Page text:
Steve Hayes regales us each week with his dishy, funny, and informative classic movie recommendations as the Tired Old Queen at the Movies!
Every Monday, I drive myself crazy trying to decide whom I can talk about that will stir the imaginations of the hundreds of hunks who read Hunk du Jour each week. I inevitably end up resorting to the ones that, whenever I see them in one classic movie or another, always manage to "float my boat." This week, I went with three hot n' hunky brunettes. One of whom, John Hodiak, is featured prominently, sans shirt and deliciously tattooed, in this weeks episode of Tired Old Queen at the Movies - Alfred Hitchcock's Lifeboat. It also stars the remarkable and often hysterical, Miss Tallulah Bankhead.
During World War Two, there were several actors whose job it was to fill the bills and hold down the fort at 20th Century Fox and the other studios, while the majority of the leading men were off to war. This proved to be good for the careers of those on the home front, in fact many a few of them, like Dana Andrews, managed to continue their popularity long after the Clark Gables, Tyone Powers, and Robert Taylors had returned from the war. Those not as fortunate as Andrews had to find outlets in either "B" pictures or television in order to keep going.
Three of these were John Hodiak, John Payne and George Montgomery. All were devastatingly handsome and relatively talented, with Hodiak possibly edging out the other two by a nose. Two of the three actually appeared in a few classic films. Hodiak starred in the film version of John Hersey's A Bell For Adano with Gene Tierney and Alfred Hitchcock's Lifeboat, written by John Steinbeck. John Payne appeared in the film that welcomed Tyrone Power back from the war, Darryl F. Zanuck's hugely expensive mounting of Somerset Maugham's The Razor's Edge as well the Christmas classic, for which he is most recognized, Miracle On 34th Street with Maureen O'Hara, Natalie Wood and Oscar winner Edmund Gwen as Santa Claus. George Montgomery even got to play Philip Marlowe, Raymond Chandlers' famous detective in the film version of The High Window known as The Brasher Doubloon. All three hunks married within the business, Hodiak to actress Anne Baxter, Payne to actress Anne Shirley and Montgomery to singer Dinah Shore and all three subsequently divorced their more famous spouses.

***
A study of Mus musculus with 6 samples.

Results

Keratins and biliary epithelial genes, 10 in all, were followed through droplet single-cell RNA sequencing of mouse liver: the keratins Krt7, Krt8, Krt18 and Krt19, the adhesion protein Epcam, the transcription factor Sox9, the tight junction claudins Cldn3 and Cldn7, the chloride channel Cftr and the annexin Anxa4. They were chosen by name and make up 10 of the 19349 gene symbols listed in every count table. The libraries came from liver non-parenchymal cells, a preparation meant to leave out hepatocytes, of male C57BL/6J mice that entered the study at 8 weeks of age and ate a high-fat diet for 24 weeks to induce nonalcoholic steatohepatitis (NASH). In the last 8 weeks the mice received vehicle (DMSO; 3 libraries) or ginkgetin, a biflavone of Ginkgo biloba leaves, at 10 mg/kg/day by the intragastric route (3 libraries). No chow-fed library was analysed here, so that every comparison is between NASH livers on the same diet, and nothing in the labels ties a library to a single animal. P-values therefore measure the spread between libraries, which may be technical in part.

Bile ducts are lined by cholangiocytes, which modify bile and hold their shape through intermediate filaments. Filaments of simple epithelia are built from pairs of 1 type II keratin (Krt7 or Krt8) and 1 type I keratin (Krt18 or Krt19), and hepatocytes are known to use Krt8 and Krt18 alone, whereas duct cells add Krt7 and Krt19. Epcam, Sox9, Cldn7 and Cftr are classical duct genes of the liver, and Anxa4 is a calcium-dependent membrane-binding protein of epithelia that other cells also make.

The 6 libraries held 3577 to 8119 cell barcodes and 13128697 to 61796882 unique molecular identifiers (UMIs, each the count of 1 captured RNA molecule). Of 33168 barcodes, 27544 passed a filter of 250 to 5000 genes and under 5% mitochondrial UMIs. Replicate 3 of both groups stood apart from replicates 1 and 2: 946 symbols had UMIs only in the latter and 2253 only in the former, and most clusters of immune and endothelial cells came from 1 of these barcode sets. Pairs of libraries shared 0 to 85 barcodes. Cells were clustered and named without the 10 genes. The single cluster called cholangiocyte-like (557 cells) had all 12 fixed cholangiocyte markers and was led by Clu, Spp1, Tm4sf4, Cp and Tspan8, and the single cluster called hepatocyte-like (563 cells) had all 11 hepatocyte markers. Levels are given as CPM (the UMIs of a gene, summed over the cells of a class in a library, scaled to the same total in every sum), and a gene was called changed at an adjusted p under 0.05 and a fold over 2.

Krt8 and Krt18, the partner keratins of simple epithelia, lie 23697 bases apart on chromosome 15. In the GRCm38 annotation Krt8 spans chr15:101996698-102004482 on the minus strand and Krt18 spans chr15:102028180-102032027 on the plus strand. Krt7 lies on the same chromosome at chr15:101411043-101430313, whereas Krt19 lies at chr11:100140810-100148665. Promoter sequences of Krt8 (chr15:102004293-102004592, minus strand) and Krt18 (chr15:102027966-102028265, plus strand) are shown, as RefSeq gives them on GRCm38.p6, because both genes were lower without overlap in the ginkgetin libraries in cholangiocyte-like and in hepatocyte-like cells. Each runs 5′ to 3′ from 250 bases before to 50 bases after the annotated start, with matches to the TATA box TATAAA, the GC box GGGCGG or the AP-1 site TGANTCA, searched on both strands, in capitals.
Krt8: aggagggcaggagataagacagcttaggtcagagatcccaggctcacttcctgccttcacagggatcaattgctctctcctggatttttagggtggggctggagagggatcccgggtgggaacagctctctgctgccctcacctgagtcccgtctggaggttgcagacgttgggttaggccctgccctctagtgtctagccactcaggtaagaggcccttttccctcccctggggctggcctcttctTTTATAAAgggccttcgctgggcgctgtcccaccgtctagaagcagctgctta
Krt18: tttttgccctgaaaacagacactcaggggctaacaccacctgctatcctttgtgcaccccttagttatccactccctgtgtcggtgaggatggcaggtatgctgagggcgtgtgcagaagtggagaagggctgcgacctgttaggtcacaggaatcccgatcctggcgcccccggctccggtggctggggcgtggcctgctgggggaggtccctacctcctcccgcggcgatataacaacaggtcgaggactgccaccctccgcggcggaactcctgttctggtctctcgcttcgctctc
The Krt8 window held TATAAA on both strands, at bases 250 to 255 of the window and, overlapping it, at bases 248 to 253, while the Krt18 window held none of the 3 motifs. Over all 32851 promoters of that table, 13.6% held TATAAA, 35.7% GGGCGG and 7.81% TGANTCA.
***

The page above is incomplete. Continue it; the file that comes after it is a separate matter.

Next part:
In the end, they were merely substitutes for the bigger box office stars. Payne and Montgomery were used, often in musicals, to lend able support to the leading ladies of the lot, Sonia Henie, Alice Faye, Bette Grable, Gene Tierney and Carole Landis. Hodiak was initially signed by MGM, where he was usually featured third or fourth down the list in support of big male stars like Gable and Tracy. He also got stuck in the occasional musical, but at least in The Harvey Girls he got to star with Judy Garland.
Hodiak came from an immigrant Polish background and worked hard on his career. He'd started in radio and was heard, seen and signed by an MGM talent scout. He had a sexy, dangerous side, a chip on his shoulder attitude that proved to be very popular with the female audience. He played characters that tended to walk the edge and he was never afraid to play someone who wasn't particularly appealing. He wanted to be a good actor and he could be strong, dynamic and tough. On loan out to FOX, he managed to get leads in "A" pictures. In Lifeboat, he more than managed to hold his own opposite the scene stealing Tallulah Bankhead. He scored another success in Joseph L. Mankiweicz' noir-ish Somewhere In the Night, as an amnesiac involved in a murder. Hired by Paramount for Desert Fury (1948), he played a psychopathic gangster romancing and menacing Lizabeth Scott, whose career was finished in the fifties when Confidential Magazine hinted at her possible bi-sexuality.
With the advent of "The Method" and a new crop of actors trained in the technique coming in from New York, the competition was suddenly a lot younger and tougher and Hodiak found less movie work in the fifties. He did some live television, then unexpectedly died in his early forties of a massive heart attack.
John Payne and George Montgomery were tall, dark, handsome and very, very sexy. Payne particularly had a naturally wry and sophisticated air that lent itself well to both comedies and dramas. Montgomery, being somewhat rougher around the edges and a bit more masculine, found his niche in westerns. Having found work in series television in the fifties, they each retired from show business relatively early and, through shrewd investments, lived comfortably into ripe old ages.
Though none of these men were the object of Hollywood scandal, they never the less provided audiences with a lot of entertainment and we're easy on the eyes to boot. Some times in Hollywood, to quote an old song, "a kiss is still a kiss, a sigh is just a sigh" and a hunk is just a hunk.